After decades of limited enforcement, the days of a look-the-other-way attitude toward jaywalking may be over, as the New York Police Department has started ticketing jaywalkers more aggressively.
Traditionally, the NYPD has taken a relatively laissez-faire approach toward jaywalking, issuing only 630 jaywalking tickets last year — compared to 19,119 speeding tickets issued in 2012. But New York City Mayor Bill de Blasio said at a press conference on Jan. 15 that his plans to eliminate all traffic-related deaths and serious injuries in 10 years has prompted a marked shift in the NYPD’s policy.
De Blasio’s plan, dubbed “Vision Zero,” launched last month in response to a slew of traffic-related deaths, which totaled 286 by the end of 2013. Following the example of countries like Sweden and the Netherlands, de Blasio’s plan will redesign areas where accidents regularly occur, implement more 20 mph zones and crack down on drivers that fail to yield to pedestrians.
While no provision of his plan explicitly targets jaywalking, de Blasio said local NYPD leadership can enforce laws more stringently at their own discretion.
“There is no larger policy in terms of jaywalking, and ticketing and jaywalking,” de Blasio said in a press conference on Jan. 20. “That’s not part of our plan. But it is something a local precinct commander can act on, if they perceive there to be a real danger.”
This precinct-by-precinct decision has activists such as Keegan Stephan, an organizer of the street justice group Right of Way, up in arms.
“Some precincts clearly have started to crack down on jaywalking, which pisses me off,” Stephan said. “The purpose of Vision Zero is to stop traffic fatalities and cracking down on jaywalking is ineffective and victim blaming. The vast majority of people being killed have the right of way.”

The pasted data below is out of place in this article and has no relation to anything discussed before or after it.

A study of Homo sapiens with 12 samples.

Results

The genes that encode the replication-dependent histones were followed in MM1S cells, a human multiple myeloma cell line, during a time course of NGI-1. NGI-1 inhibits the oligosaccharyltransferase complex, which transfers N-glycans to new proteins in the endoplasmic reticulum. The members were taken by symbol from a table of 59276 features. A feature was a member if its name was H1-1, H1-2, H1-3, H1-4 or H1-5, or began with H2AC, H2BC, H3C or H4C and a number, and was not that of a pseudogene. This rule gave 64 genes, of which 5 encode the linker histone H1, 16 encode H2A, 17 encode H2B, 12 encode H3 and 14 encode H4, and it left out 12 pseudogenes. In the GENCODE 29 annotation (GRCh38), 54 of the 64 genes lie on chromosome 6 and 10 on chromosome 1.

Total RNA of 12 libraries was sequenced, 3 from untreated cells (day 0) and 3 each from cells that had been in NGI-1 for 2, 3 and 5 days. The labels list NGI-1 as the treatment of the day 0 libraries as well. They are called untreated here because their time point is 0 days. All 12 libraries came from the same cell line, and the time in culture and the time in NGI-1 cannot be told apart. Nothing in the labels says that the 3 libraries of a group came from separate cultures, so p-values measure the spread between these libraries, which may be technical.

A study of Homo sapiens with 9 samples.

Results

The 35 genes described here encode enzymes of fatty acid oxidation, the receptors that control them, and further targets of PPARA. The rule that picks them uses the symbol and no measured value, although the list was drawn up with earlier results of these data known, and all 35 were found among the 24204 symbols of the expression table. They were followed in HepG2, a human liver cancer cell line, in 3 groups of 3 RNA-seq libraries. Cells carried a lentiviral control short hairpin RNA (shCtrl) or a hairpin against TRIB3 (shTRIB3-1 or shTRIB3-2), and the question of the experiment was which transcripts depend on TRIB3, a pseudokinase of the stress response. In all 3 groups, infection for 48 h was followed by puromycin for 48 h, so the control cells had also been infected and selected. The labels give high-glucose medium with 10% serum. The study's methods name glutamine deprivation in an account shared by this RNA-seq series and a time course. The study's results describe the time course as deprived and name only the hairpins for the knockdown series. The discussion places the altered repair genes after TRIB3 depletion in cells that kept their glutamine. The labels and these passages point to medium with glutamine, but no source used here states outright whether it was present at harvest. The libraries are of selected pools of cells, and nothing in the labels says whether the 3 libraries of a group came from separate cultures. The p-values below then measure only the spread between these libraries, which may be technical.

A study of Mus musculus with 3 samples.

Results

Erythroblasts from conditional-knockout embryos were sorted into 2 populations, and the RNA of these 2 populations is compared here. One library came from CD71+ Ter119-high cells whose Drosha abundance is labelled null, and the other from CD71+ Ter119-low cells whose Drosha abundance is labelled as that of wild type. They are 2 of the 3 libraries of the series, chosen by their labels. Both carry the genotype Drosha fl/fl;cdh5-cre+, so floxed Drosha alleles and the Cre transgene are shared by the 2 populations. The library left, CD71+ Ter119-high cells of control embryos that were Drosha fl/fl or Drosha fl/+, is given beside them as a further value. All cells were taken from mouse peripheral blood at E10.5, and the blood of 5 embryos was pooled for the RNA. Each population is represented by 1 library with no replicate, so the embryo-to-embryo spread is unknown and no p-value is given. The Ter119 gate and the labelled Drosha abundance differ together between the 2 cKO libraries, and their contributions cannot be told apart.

Stephan said that Right of Way supports the official provisions of the plan, which target reckless driving.
Stephan said one of the areas the NYPD has begun targeting is the intersection of Broadway and 96th Street where 84-year-old Kang Wong walked away bloodied on Jan. 19 after police tried to ticket him for jaywalking. Wong is now suing the police department and the city for $5 million.
When asked about the crackdown, LS freshman Keith Bonus said efforts to curb jaywalking seemed futile.
“I mean if I saw a cop on a corner, I’d probably be less likely to jaywalk, but I will definitely still do it,” Bonus said. “They can’t put cops everywhere.”
CAS junior Bukhtawar Waqas said jaywalking is an essential part of living in New York City and issuing tickets won’t change that.
“It’s second nature,” Waqas said. “I jaywalked at least three times today.”
De Blasio said jaywalking was systemic, but told reporters last month that educating the public about the dangers of walking against traffic and enforcing the laws already on the books are just two of many steps needed to curb traffic deaths.
“Education’s a part of the solution, more enforcement is a part of the solution, changing the speed limits, obviously the speed cameras,” de Blasio said. “All of this adds up.”
A version of this article appeared in the Wednesday, Feb. 5 print edition. John Ambrosio is a contributing writer. Email him at email@example.com.